What you need to know:
- Filmmaker Judy Kibinge was appointed to the Academy of Motion Picture Arts and Sciences voting class of 2017, and will help select the next set of Oscar winning documentary movies.
- Judy had always known she wanted to get into the arts, but she had difficulty deciding her path.
- Judy says that some of the reasons why local film production is so slow on the uptake are distribution, piracy and funding.
- Following last year’s #OscarsSoWhite furore, Judy notes that her invitation is indicative of a change of tide in Hollywood.
Judy Kibinge, filmmaker and founder of documentary film fund Docubox, quit the advertising industry to work in film. This year, she was appointed to the Academy of Motion Picture Arts and Sciences voting class of 2017, and will help select the next set of Oscar winning documentary movies.
In the year 2000, Judy astonished many by walking away from a 10-year career in advertising. “I was at the height of my career. I was the first non-expatriate creative director in a multinational agency. I loved making and crafting adverts. But after 10 years in the corporate world, I was called by the need to tell stories,” she says.
Judy had always loved telling stories.
“At an early age, I (showed that I was) good at writing and drawing; visuals and words are important to me. I am very drawn to shape, form, light and visual things that look good.
If I hadn’t become a filmmaker, I would have become an architect or an interior designer.”
INVITATION TO JOIN THE OSCARS ACADEMY
Judy had always known she wanted to get into the arts, but she had difficulty deciding her path. “I wanted to become and architect but I was not great at math. And even though I drew and painted, I wasn’t a fine artist. So I ended up studying a course called design for communication media at the Manchester Metropolitan University. And then I stumbled into advertising.”
An invitation to join the Oscars Academy is a recognition of excellence. How did she get there? “Docubox has been supporting feature length (Kenyan) documentaries – and my goodness, they are works of art. Our grantees have taken their films to different markets around the world. People are amazed that this is coming out of Kenya. I believe that is one of the reasons I have been invited.”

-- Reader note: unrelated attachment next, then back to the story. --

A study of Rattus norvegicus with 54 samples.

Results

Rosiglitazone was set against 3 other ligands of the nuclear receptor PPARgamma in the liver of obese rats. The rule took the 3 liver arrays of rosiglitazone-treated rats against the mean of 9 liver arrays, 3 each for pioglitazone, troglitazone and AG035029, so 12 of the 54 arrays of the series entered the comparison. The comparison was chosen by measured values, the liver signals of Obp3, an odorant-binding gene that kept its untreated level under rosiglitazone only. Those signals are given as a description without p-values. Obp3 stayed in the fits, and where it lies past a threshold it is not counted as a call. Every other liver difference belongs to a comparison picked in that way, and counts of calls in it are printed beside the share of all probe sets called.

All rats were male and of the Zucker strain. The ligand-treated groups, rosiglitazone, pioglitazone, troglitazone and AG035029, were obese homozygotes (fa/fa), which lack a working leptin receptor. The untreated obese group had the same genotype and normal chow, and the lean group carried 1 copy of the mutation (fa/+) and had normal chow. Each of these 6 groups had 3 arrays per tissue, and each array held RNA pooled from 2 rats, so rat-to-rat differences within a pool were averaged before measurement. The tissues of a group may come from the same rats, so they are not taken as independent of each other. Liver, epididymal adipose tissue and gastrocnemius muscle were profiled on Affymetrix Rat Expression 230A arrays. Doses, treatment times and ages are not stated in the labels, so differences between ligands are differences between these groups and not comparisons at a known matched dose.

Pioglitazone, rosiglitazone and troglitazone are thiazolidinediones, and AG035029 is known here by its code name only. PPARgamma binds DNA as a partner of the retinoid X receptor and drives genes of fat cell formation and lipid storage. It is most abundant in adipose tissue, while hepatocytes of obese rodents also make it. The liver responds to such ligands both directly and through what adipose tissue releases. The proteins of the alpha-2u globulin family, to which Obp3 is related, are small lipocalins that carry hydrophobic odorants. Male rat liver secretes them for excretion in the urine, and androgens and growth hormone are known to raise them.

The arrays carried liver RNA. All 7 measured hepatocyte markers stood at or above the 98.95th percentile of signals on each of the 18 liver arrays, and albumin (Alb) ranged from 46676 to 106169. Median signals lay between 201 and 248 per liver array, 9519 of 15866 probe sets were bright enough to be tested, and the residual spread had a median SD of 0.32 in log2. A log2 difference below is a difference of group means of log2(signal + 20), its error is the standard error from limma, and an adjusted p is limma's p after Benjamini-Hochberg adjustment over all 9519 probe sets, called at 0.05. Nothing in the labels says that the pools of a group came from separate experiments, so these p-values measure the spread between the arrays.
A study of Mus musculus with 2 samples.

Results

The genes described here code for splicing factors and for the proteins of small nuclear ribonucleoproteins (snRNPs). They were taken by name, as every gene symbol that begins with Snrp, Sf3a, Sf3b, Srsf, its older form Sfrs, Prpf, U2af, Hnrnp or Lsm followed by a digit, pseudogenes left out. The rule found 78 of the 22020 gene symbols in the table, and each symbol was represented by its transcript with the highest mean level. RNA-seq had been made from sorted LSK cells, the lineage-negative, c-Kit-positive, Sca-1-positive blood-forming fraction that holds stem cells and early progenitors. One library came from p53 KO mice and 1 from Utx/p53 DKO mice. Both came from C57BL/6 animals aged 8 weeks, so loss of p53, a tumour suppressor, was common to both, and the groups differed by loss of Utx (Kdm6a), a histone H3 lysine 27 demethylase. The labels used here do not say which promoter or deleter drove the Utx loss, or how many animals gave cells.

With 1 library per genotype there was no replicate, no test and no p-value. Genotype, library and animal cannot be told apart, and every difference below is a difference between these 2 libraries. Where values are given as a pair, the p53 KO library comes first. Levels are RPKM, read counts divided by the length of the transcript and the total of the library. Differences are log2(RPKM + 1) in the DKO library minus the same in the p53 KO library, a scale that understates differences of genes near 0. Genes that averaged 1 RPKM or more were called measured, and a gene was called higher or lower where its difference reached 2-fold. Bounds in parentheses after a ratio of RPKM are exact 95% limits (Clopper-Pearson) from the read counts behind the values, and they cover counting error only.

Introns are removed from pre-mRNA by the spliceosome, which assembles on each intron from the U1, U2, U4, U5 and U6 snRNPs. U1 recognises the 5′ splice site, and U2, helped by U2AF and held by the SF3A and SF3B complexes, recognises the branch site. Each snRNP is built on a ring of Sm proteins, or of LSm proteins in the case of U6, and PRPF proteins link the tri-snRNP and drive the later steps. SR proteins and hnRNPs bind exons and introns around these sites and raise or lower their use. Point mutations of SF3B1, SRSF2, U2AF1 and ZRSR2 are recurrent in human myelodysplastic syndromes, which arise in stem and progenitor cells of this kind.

Judy is not new the international film festival judging process. “By the time you are invited, you are expected to know the drill because you have possibly been in other voting situations,” she says.
“For instance I have been a judge at the most important documentary festival in the world – the International Documentary Filmfestival Amsterdam (IDFA). Also, at Docubox, we are constantly finding new filmmakers.”
“YOU CAN HAVE GREAT STORIES BUT IF YOU ARE NOT MAKING THEM… THEY’LL NEVER GET HEARD.”
Judy says that some of the reasons why local film production is so slow on the uptake are distribution, piracy and funding. “There’s not enough money been put into film, which is one of the reason why I started Docubox. I was tired of hearing filmmakers and people saying ‘but Africans have such great stories’.
Yes, you can have great stories but if you are not making them, if you don’t have the money to produce them, they’ll never get heard.”
Being invited to the Academy is an incredible honour for her as an African woman. “It’s fewer than 10,000 people from around the world. It sounds a like a lot of people but when you think about all the filmmakers in the world and the billions of people in the audience – when you scroll down the list of Academy members and you see all these amazing artists, and then you see the range and recognise the bar of excellence of those invited to vote, it is extremely humbling. It is, to me, a sign of good faith from the Academy that they have included so many more women.”
Following last year’s #OscarsSoWhite furore, Judy notes that her invitation is indicative of a change of tide in Hollywood. But she is also very ardent about bringing the focus back to local platforms.
“Without a real, concerted effort and real respect for local filmmaking, we are going to be confined to looking up at far way Hollywood. That’s why initiatives like Docubox and One Fine Day (which made Nairobi Half Life, and Kati Kati) that are growing Kenyan audiences, are far more important (to creating a Kenyan industry) than the Oscars.”
Her advice to aspiring filmmakers?
“It is hard,” she says without hesitation. “And not just in Kenya – it’s hard everywhere. Money and funds are shrinking. Broadcast money is shrinking. Netflix and the likes are exploding. How do you fit yourself into it and get yourself known as an individual? I think the only solution is to really understand that we need to create local demand. If we don’t grow local audiences, we are not going to create an industry where many people can make a living.”
In the meantime, Judy is jetting around the world, attending exclusive academy invitation screenings of emerging films.
“I am a new member so I can’t yet fully explain the process leading up to the Oscars night,” she says, “but all it is, is that you watch previews and you vote. It’s not complicated.” She is, nevertheless, in awe and gratitude at the whole experience. “I still wonder ‘how did I get here?’
I look at the people in my year – Oscar winners, some whom I know like John Akomfrah – and you know you are in good hands.”